Apple released iPhoto 2.0 for download today, and I’ve had a chance to run it through a few preliminary tests. I’ve been receiving lots of questions about its new data structure. Hopefully this blog will provide you with a few top of mind answers.
First of all, this upgrade seems like mostly good news. iPhoto 2.0 has a hefty list of new features and improvements such as the Enhance and Retouch tools. They are very intuitive, and you’ll be up-to-speed in no time. But we already knew about those goodies, right?
The Upgrade Process
The burning question has been how 2.0 restructures your iPhoto Library, and what will break as a result. Before I get into those details, let me quickly outline the procedure you should follow for this upgrade.
- Before you do anything, back up your iPhoto Library (or libraries) located in the Pictures folder in your Home directory. I used the iPod for this since I keep it with me in my backpack.
- If you have multiple iPhoto Libraries, select the smallest one for testing 2.0. You may even want to create a test library just to be super safe.
- Download version 2.0 from Apple’s iPhoto page. It’s a 32 MB transfer, but the Apple servers seem to be in good shape, and it only took a few minutes (if you have bandwidth to begin with). You can also use Software Update for both iPhoto 2.0 and iMovie 3.0.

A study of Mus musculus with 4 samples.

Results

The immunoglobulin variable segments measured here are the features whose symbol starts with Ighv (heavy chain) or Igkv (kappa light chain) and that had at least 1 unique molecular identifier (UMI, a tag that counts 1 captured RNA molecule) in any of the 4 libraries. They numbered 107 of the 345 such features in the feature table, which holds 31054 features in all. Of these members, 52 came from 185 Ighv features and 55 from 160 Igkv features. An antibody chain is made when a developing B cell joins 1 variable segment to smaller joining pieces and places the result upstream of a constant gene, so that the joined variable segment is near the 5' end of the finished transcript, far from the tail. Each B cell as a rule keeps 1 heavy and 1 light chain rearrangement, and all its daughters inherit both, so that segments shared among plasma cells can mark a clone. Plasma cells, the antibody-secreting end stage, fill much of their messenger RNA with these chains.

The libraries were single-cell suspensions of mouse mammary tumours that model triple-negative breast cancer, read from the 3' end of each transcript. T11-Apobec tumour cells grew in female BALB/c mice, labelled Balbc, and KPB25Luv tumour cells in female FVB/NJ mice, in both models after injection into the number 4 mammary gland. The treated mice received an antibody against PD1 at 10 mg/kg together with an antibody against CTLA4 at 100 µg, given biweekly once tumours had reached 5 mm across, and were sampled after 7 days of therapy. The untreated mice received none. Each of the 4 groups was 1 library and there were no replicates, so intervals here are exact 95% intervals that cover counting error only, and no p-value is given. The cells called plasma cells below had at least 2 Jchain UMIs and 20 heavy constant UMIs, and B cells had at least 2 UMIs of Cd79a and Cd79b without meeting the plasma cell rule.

- Check out the documentation in the
Read Before You Installfolder, then double-click the
- After the installer has updated your existing iPhoto app, launch iPhoto. It will notify you that it has to update your existing Library. Click OK.
- Check your preferences to make sure they’re set correctly, and start enjoying the new iPhoto!
Library Folder Structure and iPhoto Library Manager
The first thing I did after the install and Library update, was go to my Pictures folder and see what 2.0 did to my iPhoto Library. On the surface it appears that everything is the same. Apparently all the changes are internal.
I then decided to test iPhoto Library Manager 1.0. If everything was the same on the outside (file names, folder structure, etc.), then why wouldn’t the existing version of iPhoto Library Manager work?
Lo and behold, Library Manager allowed me to quit iPhoto, switch libraries, then launch iPhoto again — just as always. (Note here: Be sure to QUIT iPhoto before switching libraries. No Exceptions!)
BetterHTMLExport 1.6.4 Didn’t Fare as Well
Unfortunately, when I tried to create a web page using my favorite plug-in, BetterHTMLExport 1.6.4, it didn’t work. And in fact, having it in the iPhoto 2.0 plug-ins folder seemed to disturb the default web page generator, so I recommend that you pull BetterHTMLExport 1.6.4 out for the time being. Once I removed it, the default generator seemed to work much better.
I’ll continue to test iPhoto 2.0 over the next few days (and get to working on the update for iPhoto: The Missing Manual). But if you carefully back up your data, you should be able to upgrade to iPhoto 2.0 right now and begin enjoying its benefits, including still using iPhoto Library Manager. The exception is, if you need the BetterHTML plug-in, then you might want to hold off until an update for that package is available.
I want to stress that these are only preliminary findings. Please use the TalkBacks below to share new information as we discover it.